Theatre has long had the power to celebrate national heroes and thus William Shakespeare’s Henry IV two-parter is most definitely an example of political theater, but depending on the perspective that an individual production takes, the theater of politics also holds the power to propagandize the exact same hero into a figure calling for political dissent (Theatre and its Audience). For instance, that Julius Caesar is a play that provides ample opportunity for allusions and analog “is mainly deduced from allusions to the drama in contemporary works, most notably in the writing of Ben Jonson” (Zander 12). Just as an Elizabethan audience may well have attended a performance or Shakespeare’s play about a long-dead Roman hero and seen something familiar about their own political situation, so can even a great British hero be transformed into a great American villain through the power of theater without even directly staging Shakespeare to drive that point home.


It could not have been purely by accident that a two-part examination of how to go about placing a young man who appears to be little more than a drunken frat boy partying his privilege away until his father urges him to distract the citizenry away from such concerns by starting up a completely unnecessary war to inspire patriotic zeal was staged at the height of the Bush Presidency. And yet, the actual staging seemed unusually intent on recreating a literal representation of the play as it might have been staged at the Globe in Shakespeare’s day. If ever a production of Henry IV Parts I and II cried out for experimentations in modern day dress with low-life British taverns replaced by secretive Yale Skull and Crossbones party headquarters in which young Hal spars with a Falstaff bearing the distinctive bald pate and snarling visage of Dick Cheney, it was this one.

What a missed opportunity to assertively make the connection between the politics of Olde England and the politics of the War on Terror. Or was it? Such experimentation into original staging might be necessary to get the point across some college theater today, but in 2004 perhaps the decision to provide a disconnect between the setting and the staging of a Lincoln Center Theater production with Oscar-winner Kevin Kline as Falstaff is proof that theater as an instrument of political discourse is heavily dependent upon what the audience brings to the theater with them.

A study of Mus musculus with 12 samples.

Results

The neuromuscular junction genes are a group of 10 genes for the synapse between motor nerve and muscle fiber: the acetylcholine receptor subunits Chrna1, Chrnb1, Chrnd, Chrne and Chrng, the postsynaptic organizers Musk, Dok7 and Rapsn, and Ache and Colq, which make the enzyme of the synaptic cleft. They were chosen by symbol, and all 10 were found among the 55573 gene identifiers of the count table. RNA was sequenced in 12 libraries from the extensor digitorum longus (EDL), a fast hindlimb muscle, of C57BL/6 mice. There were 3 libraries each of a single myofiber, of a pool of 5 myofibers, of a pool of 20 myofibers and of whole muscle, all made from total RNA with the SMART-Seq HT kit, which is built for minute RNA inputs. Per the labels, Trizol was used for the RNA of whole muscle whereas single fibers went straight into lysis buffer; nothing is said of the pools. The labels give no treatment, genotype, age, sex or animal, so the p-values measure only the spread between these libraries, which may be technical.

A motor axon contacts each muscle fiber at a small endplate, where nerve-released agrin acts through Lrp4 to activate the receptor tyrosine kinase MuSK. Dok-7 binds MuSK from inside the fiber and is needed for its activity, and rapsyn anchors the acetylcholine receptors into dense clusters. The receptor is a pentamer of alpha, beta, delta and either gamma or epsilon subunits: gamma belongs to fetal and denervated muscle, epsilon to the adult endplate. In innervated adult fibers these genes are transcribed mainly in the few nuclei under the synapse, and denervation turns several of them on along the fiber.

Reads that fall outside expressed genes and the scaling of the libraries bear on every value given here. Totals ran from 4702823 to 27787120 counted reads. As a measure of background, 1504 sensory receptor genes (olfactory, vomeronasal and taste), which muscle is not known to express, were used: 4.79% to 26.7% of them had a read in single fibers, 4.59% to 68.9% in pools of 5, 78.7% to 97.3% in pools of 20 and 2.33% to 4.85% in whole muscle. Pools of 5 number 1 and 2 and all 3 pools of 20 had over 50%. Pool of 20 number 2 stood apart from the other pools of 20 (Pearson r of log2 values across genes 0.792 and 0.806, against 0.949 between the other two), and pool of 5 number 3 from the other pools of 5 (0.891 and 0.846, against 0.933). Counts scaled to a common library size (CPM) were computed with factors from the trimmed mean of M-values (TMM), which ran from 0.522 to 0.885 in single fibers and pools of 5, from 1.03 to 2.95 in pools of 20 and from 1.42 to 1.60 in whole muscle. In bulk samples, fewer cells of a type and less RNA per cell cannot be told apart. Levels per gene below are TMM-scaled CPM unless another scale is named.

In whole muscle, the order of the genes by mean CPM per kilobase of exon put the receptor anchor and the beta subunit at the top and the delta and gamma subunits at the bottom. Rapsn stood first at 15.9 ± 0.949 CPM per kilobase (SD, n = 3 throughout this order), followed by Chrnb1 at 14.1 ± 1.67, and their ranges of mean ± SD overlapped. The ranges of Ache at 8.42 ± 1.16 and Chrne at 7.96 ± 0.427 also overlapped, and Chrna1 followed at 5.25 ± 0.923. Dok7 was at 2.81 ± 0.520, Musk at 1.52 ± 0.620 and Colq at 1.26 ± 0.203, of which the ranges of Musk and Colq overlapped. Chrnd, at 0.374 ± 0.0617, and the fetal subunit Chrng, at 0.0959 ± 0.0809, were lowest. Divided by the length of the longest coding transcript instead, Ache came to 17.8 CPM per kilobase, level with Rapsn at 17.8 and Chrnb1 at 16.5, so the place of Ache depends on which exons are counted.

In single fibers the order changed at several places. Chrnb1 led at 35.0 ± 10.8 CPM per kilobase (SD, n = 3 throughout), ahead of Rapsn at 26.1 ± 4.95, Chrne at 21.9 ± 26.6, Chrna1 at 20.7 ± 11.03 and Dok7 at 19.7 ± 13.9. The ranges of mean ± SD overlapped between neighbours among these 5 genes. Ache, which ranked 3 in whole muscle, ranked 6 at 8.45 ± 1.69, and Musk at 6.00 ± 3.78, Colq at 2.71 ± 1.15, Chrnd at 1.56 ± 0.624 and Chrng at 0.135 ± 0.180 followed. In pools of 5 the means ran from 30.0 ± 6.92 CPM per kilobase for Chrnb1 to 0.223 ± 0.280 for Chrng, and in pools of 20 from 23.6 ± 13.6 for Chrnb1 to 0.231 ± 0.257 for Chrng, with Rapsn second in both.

Until Henry IV achieves a position of familiarity among general audiences equivalent with Julius Caesar, the political utilization of the interplay between Hal and Falstaff against the romantic backdrop of Hotspur’s passion will probably require the perfect storm of time, place and events such as it enjoyed in 2004.

    References
  • Millard, Rosie. “Henry IV Is a Four-Hour Meditation on Leadership, and the Contemporary Parallels Aren’t Lost on Its American Audience.” New Statesman (1996) 12 Jan. 2004: 43. 
  • Shakespeare, William. The Works of William Shakespeare Gathered into One Volume. New York: Oxford UP, 1938.
  • Theatre and Its Audience [PPT]. (n.d.).
  • Zander, Horst. “Julius Caesar and the Critical Legacy.” Julius Caesar: New Critical Essays. Ed. Horst Zander. New York: Routledge, 2005. 3-56.